Michigan's Upper Peninsula Has a Long History of Earthquakes

Author Lisa A. Shiel has researched the hidden history of Michigan's Upper Peninsula and reveals surprising facts about earthquakes. The recent quake that opened a crevice in Menominee County is just one of many temblors that have shaken the region.
By: Lisa A. Shiel
 
 
Michigan
Upper Peninsula
Geology
History
Stephenson
Menominee Country

Environment

Location:
Marquette - Michigan - US

Oct. 18, 2010 - PRLog -- Lake Linden, MI— On October 4, 2010, residents of Stephenson in Michigan's Menominee County heard a loud boom and felt their houses tremble. The next day, a large crevice was discovered. A week later, geologist Wayne Pennington of Michigan Technological University in Houghton announced the results of his examination of the evidence. An earthquake had caused the shaking and the crevice. As a local author has discovered, however, earthquakes in the UP are nothing new. In the years 1902 to 1909 alone, more than 20 earthquakes rattled the UP. Lisa A. Shiel documents the UP's shaky history in her new book Forgotten Tales of Michigan's Upper Peninsula.

Based chiefly on historical newspaper accounts, the book relates little-known stories from the 1800s through the 1920s, with an entire chapter devoted to earthquakes. In 1905 a swarm of quakes crisscrossed the UP. A temblor struck Menominee County on March 13 of that year. Today, scientists estimate the strength of that quake to have been approximately 3.8 on the Richter scale. Newspaper stories blamed the shaking on "air blasts" inside mines. "The problem with that idea," Shiel says, "is that nobody had a clue what air blasts were. So this was hardly a solution to the mystery."

The worst quake hit the Keweenaw Peninsula on July 26, 1905. A tremendous boom heard as far away as Marquette heralded the start of the quake. The shaking lasted for about ten seconds and rattled everything in the vicinity of the towns of Calumet, Lake Linden, and Hancock. A house was knocked an inch off its foundation, windows were shattered, and chimneys tumbled to the ground. Miners as far down as the 49th level of the Quincy Mine felt the tremors. The July quake was the last straw for some residents of the Keweenaw, who fled the region.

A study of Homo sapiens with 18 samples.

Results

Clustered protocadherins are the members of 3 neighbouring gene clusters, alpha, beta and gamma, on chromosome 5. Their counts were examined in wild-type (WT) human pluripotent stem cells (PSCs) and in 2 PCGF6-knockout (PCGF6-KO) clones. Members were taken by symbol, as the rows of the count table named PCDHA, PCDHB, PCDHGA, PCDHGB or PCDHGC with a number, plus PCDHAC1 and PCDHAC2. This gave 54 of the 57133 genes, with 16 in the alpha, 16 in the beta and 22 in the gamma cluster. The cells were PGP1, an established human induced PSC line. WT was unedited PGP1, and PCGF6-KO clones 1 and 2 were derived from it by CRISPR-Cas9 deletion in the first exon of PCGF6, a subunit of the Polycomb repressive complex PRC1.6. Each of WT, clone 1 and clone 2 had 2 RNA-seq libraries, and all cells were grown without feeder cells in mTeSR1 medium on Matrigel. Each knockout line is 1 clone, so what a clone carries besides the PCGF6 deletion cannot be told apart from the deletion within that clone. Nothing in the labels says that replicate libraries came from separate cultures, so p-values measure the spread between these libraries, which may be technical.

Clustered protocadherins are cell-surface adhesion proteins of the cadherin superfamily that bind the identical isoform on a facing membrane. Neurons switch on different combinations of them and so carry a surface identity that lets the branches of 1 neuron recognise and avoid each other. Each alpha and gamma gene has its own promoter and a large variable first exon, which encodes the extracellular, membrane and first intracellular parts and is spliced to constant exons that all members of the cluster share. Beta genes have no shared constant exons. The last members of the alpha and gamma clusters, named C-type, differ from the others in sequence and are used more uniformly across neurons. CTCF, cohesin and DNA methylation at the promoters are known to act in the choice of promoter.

"After three years of earthquakes," Shiel says, "people were terrified. They had no idea what was happening."

At the time, geologists thought the quakes were natural, though perhaps exacerbated by the presence of deep mines. Fred W. McNair, president of the Michigan College of Mines (now Michigan Technological University), told Houghton's Daily Mining Gazette the quakes stemmed from "an uplift of the land." In 1911, in a report issued for the Michigan Geological and Biological Survey, noted geologist William Herbert Hobbs agreed with McNair's opinion. Today, however, the earthquakes of the early 20th century are generally dismissed as mine collapses.

"Who should we believe?" Shiel asks. "It's impossible to look back now and say for certain what happened then. The mystery is part of the fun of these old stories."

Forgotten Tales of Michigan's Upper Peninsula is Shiel's sixth book. A resident of Michigan’s UP, Shiel researches and writes about everything strange, from Bigfoot and UFOs to alternative history.